Jan 31 2012
Feelings are in a constant flux when you’re in India. One minute you’re furious because people are living in trash. The next you’re happy because you’re playing cricket with the kids. The next you’re crying, listening to stories of heartache and suffering. At the close of each day, I take inventory of what occurred in the previous 16 hours. On the fourth or fifth day of our September trip, I realized in my journal that I was consistently sugarcoating what I saw. No matter the event, I would try to put a positive spin on it – mainly for literary effect – so it left a solid feeling when I dotted the final period of that entry.
In practice, it looks like this: so and so child lives in this crap hole that animals shouldn’t even be allowed to inhabit. Here’s a picture of the crap. But, in spite of this, they have so much joy. Here’s a picture of them smiling. Lesson: I should be content with what I have because they have nothing.
What good does that lesson do for my life or for those who read it? There is some good, to be sure. It may really change me. But, as I realized this last September, I felt a sting in my heart. If I lived in abject poverty, how would I feel about being used as an object lesson? There’s a sense in which I may be honored, but I think I’d be a little sad, too. Maybe a lot sad or even angry. I’d want to yell at the top of my lungs, “DON’T YOU SEE I HAVE ALMOST NOTHING TO EAT AND TWO AND A HALF TARPS OVER MY HEAD FOR SHELTER!?!?!?!? THERE ARE MORE IMPORTANT THINGS TO TALK ABOUT THAN YOU BEING CONTENT WITH WHAT YOU HAVE!!!!! LET YOUR HEART BE CHANGED, BUT HELP ME REALLY CHANGE MY LIFE!!!”
We see videos and listen to songs these days and talk of being “inspired.” We like the “high” of enlightenment. But this isn’t the only understanding of the word “inspire” and we too often embrace only the lesser version.
When we say we’re “inspired,” we mean to say our emotions were stirred – that we felt like a glassy lake until we watched that video or listened to that song which ran through our hearts like a boat and made waves. But the waves dissipate over the course of a couple minutes or a couple hours or a couple days or weeks, depending on how profound the experience, and we return to our previous state.
Stirred By Poverty
When we arrive at the terrible places we visit, our hearts are jolted. The experience is an enormous boat displacing a huge amount of water and we’re shaken. It literally impacts us. We feel it. But when we leave these crappy places, the waters calm over time. We return to our previous state of being. We forget. On some level, the same may well be true of those we visit. Their happiness may leave them in some way or another after we leave. I can’t say for sure either way.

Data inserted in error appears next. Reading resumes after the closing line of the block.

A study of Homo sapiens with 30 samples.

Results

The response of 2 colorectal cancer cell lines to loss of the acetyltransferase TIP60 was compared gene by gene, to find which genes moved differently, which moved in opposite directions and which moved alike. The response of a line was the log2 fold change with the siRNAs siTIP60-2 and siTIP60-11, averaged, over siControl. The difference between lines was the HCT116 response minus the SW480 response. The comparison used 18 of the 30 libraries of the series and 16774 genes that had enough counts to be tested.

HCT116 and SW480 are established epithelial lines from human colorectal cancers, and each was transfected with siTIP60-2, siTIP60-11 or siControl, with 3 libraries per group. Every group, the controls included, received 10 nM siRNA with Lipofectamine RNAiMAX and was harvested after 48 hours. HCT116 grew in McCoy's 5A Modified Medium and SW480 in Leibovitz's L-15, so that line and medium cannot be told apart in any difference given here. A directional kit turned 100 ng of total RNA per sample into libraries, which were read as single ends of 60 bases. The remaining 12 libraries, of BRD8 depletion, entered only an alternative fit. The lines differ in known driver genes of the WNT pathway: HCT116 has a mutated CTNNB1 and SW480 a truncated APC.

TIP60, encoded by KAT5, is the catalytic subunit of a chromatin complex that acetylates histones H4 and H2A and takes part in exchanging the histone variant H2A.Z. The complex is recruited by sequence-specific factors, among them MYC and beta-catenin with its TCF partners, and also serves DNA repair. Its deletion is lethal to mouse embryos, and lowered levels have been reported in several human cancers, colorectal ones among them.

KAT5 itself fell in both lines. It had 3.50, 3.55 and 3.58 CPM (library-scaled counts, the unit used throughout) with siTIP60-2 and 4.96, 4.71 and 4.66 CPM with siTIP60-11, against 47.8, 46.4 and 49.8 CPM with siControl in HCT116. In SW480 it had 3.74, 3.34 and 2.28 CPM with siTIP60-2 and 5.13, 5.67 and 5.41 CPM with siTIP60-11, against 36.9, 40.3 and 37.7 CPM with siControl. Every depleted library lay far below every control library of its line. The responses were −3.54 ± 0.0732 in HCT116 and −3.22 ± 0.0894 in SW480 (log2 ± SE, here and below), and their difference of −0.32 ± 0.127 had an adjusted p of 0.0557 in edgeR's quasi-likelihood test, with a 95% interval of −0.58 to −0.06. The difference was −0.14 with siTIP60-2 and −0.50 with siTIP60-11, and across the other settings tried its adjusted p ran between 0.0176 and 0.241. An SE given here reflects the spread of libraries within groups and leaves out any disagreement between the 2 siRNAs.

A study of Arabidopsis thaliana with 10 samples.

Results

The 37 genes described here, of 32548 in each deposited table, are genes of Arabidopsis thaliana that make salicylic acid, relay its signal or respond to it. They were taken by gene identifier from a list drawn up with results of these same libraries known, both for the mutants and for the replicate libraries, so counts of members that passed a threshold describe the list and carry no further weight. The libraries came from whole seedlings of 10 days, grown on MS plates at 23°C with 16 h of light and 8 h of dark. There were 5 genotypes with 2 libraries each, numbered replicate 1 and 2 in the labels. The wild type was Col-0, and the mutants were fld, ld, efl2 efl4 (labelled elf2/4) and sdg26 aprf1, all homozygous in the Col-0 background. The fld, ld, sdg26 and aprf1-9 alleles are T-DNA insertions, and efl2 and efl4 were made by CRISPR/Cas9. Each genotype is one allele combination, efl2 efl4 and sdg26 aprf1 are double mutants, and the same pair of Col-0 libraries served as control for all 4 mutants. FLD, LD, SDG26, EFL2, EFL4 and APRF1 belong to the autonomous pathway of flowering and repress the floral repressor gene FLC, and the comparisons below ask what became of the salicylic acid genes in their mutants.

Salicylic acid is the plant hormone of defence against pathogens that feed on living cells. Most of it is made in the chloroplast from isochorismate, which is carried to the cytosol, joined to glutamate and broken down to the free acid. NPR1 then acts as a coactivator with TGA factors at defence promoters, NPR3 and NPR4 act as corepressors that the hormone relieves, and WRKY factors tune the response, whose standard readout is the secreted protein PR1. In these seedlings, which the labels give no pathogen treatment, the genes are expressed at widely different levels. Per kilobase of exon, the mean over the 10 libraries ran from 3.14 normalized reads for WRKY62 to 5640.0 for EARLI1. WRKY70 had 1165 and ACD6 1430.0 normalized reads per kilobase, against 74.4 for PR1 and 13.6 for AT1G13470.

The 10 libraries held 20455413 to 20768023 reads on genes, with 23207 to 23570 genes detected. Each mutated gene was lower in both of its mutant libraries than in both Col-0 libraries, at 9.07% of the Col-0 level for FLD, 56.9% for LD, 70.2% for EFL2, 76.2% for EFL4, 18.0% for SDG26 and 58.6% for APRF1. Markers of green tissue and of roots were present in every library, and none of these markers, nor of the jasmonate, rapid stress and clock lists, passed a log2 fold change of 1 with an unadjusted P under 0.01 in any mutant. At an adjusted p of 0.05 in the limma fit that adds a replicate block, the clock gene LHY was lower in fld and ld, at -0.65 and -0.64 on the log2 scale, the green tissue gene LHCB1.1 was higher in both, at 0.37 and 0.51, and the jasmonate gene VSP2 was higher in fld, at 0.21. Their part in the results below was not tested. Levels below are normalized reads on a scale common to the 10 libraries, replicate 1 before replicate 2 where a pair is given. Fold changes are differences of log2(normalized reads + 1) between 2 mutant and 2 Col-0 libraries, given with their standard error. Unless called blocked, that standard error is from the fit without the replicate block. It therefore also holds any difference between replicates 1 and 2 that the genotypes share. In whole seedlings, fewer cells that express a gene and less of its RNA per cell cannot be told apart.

The curious thing about waves is that they move water up and down, but the water molecules remain largely in the place they were before the wave arrived, having only moved in a circular motion as the wave passed its point. For the most part they don’t move forward or backward. When we’re emotional, there’s agitation, but there isn’t often progress.
Courtesy Grand Valley State University (http://faculty.gvsu.edu/videticp/waves.htm)
I’ve learned this past year that remaining in the open waters of sympathy and emotion usually leaves us in the same place we were before. We’ve had a nice trip going up and down the wave – to India and back. We met some people, saw sad things, and learned a couple lessons. But we often remain as we were. And the condition of the poor remains also – something which is, frankly, inexcusable. That I know people living in grinding poverty and had days this year where it never crossed my mind shows me how mean and coldhearted I can be.
On the other hand, I’ve learned excellent lessons from poverty. I’m not diminishing their worth or the worth of emotions. They’re both a good and probably inevitable thing.
I learned this year that I must KNOW emotions alone won’t help anyone very much. If our emotions die like waves without stirring our will, everyone loses. Poverty must inspire us in the higher, verb-form of the word – where we decide we must DO something. We decide to ACT – to attempt materially changing the crappy situation we see and feel bad about.
At this point in human history, the pressing concern of the world is not more eyewitnesses. We don’t need more people blogging about poverty or taking pictures and video of it. Those things need to happen but emotions alone cannot fix poverty. Actions do. We need to understand why poverty occurs and we need millions of more people to spend themselves helping to FIX poverty through well-thought out, well-executed, tangible relief work and programs. We need the best of our society (and theirs) across all disciplines – agriculture, engineering, technology, education, finance, and health care – to work on these problems because helping someone with food and a house isn’t enough. It’s just the beginning.
Jesus didn’t ask us to pray that reporters would be sent out into the field. He asked for workers. Reporters are certainly workers. Reporters open eyes. But workers, as I’m using the word, change lives. Both are needed but the world especially lacks the latter. This past year, I learned I must be a worker. It’s changed my life and it’s slowly changing lives in India.
How do we begin having ACTIONS stirred and not just our emotions? More tomorrow when I talk about the third thing I’ve learned since meeting poverty.